Washington (CNN) - Six months before a national election whose results could hinge on which party turns out more supporters, House Democrats unveiled legislation Thursday they say is needed to ensure all eligible voters have unfettered access to the ballot box.
"The vote is the soul and the heart of the democratic process, People died for the right to vote, and some of them were people I knew," Rep John Lewis, D-Georgia, a leading figure in the civil rights movement said at a Capitol Hill press conference. "I hope and pray that we will not return to the days of overt discrimination, before we decide to do something about it."
The Voter Empowerment Act would allow same day registration online, require schools that get federal funds to offer voter registration drives, and give states money to train poll workers. It also classifies voter "caging" as a felony. This is the practice of sending mail to addresses with the aim of creating a list of people whose mail is returned as a way of challenging someone's voting status or purging the rolls of names.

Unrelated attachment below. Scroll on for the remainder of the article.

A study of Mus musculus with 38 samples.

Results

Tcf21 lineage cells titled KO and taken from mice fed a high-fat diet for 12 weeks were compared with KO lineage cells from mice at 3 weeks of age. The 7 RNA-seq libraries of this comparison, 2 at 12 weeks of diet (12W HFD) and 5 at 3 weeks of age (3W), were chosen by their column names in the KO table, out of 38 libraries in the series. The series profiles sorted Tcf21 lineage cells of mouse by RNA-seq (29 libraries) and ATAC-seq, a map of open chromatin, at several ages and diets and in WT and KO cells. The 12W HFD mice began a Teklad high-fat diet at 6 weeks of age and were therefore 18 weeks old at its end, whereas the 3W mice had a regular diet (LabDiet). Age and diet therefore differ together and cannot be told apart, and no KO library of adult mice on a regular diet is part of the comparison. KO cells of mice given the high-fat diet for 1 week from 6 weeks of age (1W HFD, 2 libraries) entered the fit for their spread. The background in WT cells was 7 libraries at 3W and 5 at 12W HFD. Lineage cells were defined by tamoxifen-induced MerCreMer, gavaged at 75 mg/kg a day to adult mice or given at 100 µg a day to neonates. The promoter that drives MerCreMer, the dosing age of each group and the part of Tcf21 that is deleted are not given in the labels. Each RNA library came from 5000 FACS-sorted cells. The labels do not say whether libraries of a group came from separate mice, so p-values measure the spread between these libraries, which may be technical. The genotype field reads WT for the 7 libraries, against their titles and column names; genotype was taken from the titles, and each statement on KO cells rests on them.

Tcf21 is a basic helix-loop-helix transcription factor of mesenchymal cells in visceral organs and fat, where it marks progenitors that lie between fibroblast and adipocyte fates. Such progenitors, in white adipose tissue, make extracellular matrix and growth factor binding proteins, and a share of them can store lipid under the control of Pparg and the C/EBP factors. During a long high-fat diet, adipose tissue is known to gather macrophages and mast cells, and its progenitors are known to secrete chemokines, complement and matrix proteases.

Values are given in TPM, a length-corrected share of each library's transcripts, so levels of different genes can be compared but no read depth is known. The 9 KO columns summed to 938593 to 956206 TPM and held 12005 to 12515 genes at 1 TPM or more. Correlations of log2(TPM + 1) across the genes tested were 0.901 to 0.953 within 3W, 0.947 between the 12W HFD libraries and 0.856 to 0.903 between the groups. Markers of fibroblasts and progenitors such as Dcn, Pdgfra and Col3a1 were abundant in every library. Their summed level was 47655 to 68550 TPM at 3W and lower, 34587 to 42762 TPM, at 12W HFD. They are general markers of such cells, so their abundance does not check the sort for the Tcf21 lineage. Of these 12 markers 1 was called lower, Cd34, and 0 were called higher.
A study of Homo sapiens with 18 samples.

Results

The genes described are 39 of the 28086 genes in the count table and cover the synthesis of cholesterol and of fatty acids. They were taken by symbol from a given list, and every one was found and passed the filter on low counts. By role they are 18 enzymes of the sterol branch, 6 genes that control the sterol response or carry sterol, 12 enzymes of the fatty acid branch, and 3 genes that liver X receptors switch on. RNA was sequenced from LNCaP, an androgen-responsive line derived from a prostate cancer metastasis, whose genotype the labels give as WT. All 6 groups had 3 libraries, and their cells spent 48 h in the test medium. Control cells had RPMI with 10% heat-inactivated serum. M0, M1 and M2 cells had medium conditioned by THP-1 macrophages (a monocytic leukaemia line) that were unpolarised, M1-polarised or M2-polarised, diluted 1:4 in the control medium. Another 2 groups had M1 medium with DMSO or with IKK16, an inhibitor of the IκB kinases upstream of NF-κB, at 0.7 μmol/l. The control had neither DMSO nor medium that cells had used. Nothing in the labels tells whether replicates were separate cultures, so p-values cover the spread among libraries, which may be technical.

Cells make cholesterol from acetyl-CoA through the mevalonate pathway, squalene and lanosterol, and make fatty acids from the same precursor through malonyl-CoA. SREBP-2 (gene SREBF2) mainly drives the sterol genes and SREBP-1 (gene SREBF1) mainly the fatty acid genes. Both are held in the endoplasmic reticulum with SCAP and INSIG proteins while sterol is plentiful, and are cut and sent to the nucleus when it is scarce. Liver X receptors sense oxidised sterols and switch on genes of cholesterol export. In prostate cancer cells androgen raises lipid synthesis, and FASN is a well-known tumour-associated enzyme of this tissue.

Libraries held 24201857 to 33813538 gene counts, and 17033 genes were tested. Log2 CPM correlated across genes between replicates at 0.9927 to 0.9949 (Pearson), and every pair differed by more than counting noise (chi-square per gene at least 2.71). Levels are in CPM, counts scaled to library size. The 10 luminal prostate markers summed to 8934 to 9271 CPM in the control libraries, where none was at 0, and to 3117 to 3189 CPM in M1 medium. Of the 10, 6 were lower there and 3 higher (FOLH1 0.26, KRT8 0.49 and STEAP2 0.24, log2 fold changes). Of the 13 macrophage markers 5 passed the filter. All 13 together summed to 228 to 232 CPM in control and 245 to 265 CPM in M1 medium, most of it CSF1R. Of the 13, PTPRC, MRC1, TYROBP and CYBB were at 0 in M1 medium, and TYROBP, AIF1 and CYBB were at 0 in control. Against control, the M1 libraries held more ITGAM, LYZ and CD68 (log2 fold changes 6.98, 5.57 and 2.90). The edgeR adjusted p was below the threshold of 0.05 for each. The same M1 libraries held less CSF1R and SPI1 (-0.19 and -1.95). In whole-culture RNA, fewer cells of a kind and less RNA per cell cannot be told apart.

House Democratic Whip Steny Hoyer, D-Maryland, summarized the three key aims of the bill as "access, integrity and accountability."
While several Democrats at Thursday's news conference complained new state laws changing identification rules were deliberately designed to suppress the vote, and amount to a form of a "poll tax," their bill does not address the issue. South Carolina Rep Jim Clyburn noted every voter needs to produce identification, but they decided to set that issue aside as states continue to litigate it in the courts.
Democrats are pushing for prompt action on the bill, but Rep Dan Lungren, the GOP Chairman of the House Administration Committee which oversees voting system, has not said whether the committee will take up the measure. The bills' sponsors said they want bipartisan support, but they introduced it before showing it to Republicans on the committee.
A senior Democratic aide tells CNN that the Democrats on the Administration Committee plan to send a letter urging action on the bill, attempting to apply some pressure on the Republican House to address the issue before the election.